About Preaching Goes Viral

A Time to Gather: In a Crisis, Understanding Religions

The novel Coronavirus can be fatal or asymptomatic, cause severe respiratory issues or barely register as a cough. And the diversity in religious responses to the pandemic is just as varied.

There is an urgent need to gather preaching data including sermons and statements, as well as other religious responses as the pandemic spreads — not later. A time of crisis elevates the importance of applying an intellectual and empathic approach to understanding other points of view, no matter how different from our own. Enter Preaching Goes Viral: Religious Responses to the COVID-19 Pandemic, a student engagement initiative at Miami University that aims to track and analyze the breadth and diversity of religious responses to the pandemic. The initiative focuses on sermons, statements and commentary in English, from institutions and voices in the U.S. and beyond.

Deference or Defiance?

So far, religious and political differences have been far from flattened by reaction to the COVID-19 crisis. Churches, synagogues and other religious voices are expressing broad disparity in their sermons and public statements about where they stand between deference and defiance. While some preachers are urging their flocks to stay home, others say that religious duties should not be subject to what they consider secular whims. The response is often more desperate when non-compliance with official guidelines is characterized, rightly or wrongly, as a threat to public health.

In this cultural cacophony, two things are certain:

The PGV Initiative

To capture the comprehensive breadth of religious responses to the spread of COVID-19, Assistant Professor of Teaching within the Miami University Comparative Religion department, Hillel Gray, and his spring 2020 semester students have launched an innovative research initiative, Preaching Goes Viral.

Preaching Goes Viral is a student engagement initiative to compile and analyze religious responses to the novel coronavirus. It was started with undergraduates enrolled in Gray’s Spring 2020 Introduction to Religion and Global Jewish Civilization courses, followed by 15 summer interns, and will continue in the 2020-2021 academic year. Through training in critical distance, research team members are applying qualitative research and non-judgmental analysis skills to material produced by religious voices and institutions at a time of global public health crisis and social distress.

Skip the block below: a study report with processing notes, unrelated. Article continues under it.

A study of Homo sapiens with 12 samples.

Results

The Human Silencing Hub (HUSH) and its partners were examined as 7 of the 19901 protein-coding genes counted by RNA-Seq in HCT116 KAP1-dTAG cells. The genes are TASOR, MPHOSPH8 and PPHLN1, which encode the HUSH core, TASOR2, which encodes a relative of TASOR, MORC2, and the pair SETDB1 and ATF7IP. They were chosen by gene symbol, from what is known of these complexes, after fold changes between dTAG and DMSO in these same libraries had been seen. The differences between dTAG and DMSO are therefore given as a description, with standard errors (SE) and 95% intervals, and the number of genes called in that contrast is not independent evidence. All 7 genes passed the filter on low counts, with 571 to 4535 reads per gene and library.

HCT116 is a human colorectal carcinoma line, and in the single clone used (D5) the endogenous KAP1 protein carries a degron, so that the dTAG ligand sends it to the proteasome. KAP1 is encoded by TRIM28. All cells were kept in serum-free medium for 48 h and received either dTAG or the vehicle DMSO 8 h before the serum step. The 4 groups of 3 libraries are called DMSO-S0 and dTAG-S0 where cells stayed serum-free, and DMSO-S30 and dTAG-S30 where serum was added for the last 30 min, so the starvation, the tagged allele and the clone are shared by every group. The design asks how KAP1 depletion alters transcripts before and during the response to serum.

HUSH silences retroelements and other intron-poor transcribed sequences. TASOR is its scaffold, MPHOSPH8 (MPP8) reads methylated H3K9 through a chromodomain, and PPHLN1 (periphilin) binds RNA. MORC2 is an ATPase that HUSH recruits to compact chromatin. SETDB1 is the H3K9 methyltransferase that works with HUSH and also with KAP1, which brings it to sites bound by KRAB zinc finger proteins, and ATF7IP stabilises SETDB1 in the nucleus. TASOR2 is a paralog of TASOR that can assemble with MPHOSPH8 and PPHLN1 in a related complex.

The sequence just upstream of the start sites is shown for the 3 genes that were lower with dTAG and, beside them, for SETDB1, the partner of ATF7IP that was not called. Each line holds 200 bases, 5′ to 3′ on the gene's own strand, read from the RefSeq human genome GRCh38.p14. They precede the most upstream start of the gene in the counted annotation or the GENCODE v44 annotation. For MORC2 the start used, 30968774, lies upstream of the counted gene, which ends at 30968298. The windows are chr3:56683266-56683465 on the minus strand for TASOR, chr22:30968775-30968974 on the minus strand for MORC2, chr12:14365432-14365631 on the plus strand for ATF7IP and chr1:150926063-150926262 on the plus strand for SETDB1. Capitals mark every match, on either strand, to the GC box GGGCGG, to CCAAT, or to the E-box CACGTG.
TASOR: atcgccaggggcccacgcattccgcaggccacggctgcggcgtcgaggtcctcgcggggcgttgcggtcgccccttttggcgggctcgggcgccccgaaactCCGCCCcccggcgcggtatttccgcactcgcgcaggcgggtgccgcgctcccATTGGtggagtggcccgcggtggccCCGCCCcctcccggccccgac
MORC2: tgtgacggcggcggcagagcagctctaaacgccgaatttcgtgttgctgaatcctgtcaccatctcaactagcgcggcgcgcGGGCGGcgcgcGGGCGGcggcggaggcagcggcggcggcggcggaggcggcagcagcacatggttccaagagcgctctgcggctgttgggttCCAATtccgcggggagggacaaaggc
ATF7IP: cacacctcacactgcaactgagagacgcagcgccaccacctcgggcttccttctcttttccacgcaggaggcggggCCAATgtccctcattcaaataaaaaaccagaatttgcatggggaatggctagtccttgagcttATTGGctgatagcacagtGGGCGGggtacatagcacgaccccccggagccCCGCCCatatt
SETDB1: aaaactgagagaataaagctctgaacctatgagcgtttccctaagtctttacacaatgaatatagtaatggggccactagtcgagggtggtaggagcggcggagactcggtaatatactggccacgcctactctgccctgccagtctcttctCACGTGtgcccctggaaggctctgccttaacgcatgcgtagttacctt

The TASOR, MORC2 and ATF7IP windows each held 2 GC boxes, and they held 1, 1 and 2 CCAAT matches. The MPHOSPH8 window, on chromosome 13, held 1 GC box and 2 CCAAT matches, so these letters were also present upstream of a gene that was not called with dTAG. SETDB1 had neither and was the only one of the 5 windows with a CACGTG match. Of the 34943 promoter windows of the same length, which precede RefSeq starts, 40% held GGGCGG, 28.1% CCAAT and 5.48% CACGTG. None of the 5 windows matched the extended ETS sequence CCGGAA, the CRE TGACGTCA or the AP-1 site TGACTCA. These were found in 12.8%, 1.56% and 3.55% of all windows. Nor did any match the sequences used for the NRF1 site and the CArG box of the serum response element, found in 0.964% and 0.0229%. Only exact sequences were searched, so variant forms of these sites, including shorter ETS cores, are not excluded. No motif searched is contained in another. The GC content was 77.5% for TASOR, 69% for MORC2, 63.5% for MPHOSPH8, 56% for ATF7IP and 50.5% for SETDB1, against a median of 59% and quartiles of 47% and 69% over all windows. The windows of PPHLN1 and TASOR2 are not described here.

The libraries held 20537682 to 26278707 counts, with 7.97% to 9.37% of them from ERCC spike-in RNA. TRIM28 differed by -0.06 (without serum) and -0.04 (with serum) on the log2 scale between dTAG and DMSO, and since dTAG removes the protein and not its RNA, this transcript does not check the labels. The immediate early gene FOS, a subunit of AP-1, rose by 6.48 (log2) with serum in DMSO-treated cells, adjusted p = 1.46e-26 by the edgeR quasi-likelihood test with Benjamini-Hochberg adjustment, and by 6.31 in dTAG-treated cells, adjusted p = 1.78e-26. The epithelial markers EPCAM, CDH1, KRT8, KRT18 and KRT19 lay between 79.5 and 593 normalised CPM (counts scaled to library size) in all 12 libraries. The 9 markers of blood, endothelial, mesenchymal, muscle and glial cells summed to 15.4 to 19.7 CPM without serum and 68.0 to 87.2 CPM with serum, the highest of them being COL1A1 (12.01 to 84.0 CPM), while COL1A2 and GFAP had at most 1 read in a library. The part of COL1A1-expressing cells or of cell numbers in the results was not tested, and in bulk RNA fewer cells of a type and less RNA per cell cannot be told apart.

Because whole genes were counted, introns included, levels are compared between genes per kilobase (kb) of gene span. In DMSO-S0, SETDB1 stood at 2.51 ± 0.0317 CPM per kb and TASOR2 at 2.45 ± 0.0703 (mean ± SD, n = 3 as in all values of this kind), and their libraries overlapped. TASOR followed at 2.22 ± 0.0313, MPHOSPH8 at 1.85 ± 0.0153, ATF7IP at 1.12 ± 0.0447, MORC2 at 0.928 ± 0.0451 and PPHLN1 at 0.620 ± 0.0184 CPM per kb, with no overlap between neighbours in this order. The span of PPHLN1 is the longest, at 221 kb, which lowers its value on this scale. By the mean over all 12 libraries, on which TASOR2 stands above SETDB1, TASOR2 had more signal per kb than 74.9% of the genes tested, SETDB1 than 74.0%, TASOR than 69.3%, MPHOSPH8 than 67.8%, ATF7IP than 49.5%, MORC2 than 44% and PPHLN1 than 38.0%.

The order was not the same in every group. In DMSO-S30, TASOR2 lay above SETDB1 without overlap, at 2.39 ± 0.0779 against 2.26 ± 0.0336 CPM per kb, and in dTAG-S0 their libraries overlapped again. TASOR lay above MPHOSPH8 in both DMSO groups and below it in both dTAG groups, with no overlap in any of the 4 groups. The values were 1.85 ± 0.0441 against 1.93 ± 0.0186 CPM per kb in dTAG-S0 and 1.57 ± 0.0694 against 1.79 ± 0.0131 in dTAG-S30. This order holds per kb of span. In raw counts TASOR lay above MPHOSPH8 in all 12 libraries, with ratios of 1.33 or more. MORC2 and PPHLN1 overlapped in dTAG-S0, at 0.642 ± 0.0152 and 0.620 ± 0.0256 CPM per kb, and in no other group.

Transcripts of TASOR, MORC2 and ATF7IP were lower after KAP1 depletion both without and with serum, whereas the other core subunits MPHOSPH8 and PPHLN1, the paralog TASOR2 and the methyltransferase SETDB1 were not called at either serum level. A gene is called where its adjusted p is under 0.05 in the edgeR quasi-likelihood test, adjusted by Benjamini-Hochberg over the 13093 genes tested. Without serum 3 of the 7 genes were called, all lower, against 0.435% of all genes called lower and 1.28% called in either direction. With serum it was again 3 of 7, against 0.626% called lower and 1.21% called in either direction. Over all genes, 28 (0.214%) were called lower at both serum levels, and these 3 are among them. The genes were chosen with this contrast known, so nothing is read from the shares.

As an extension of Gray’s ongoing “Empathy and the Religious ‘Enemy’” project, the initiative will build a crowdsourced database that will be made publicly available to journalists, religious groups, scholars, and others seeking to track and understand the religious responses to the pandemic.

Here's a sampling of recent student interpretations and analysis of PGV data:


Maya Wasserman


How have Central African churches in Maine responded to COVID-19? How have their unique experiences shaped their views of the virus and the policies surrounding it? The following exhibit presents several sermons given by pastors in the Central African community. Within these sermons, three themes emerge that illuminate the community's response to the pandemic.



Victoria Choi

Red sqaure

Many Asian American Christians did not have to come to terms with their racial identities in the church before COVID-19. Congregating at church seemed far removed from the sociopolitical landscape in which many Asian Americans ____. Preachers encourage their congregants to look beyond race and place value in their Christian identities.

However, when news outlets reported that the coronavirus that started in Wuhan, China was quickly making its way across the world, anti-Asian sentiments reemerged overtly, confirming for many Asian Americans that the subtle microaggressions they experienced in their daily lives were telltale signs of further ingrained prejudices.


Nastassya Ferns


For students, teachers, and religious leaders, the utilization of various digital tools during COVID-19 became imperative to maintaining a sense of normality in a faith-based, educational setting. From Facebook sermons delivered to homes worldwide, to the migration of classrooms online, to email newsletter updates sent daily to quarantined families, new forms of digital engagement emerged within the Catholic high school community at the onset of COVID closures. The Blessings of Technology in Catholic High Schools urges us to consider the implications of maintaining faith during COVID-19, and how these schools utilize and adapt to a newly-constructed educational landscape. Throughout this examination, I pose the question: What does it mean to combine faith, education, and technology?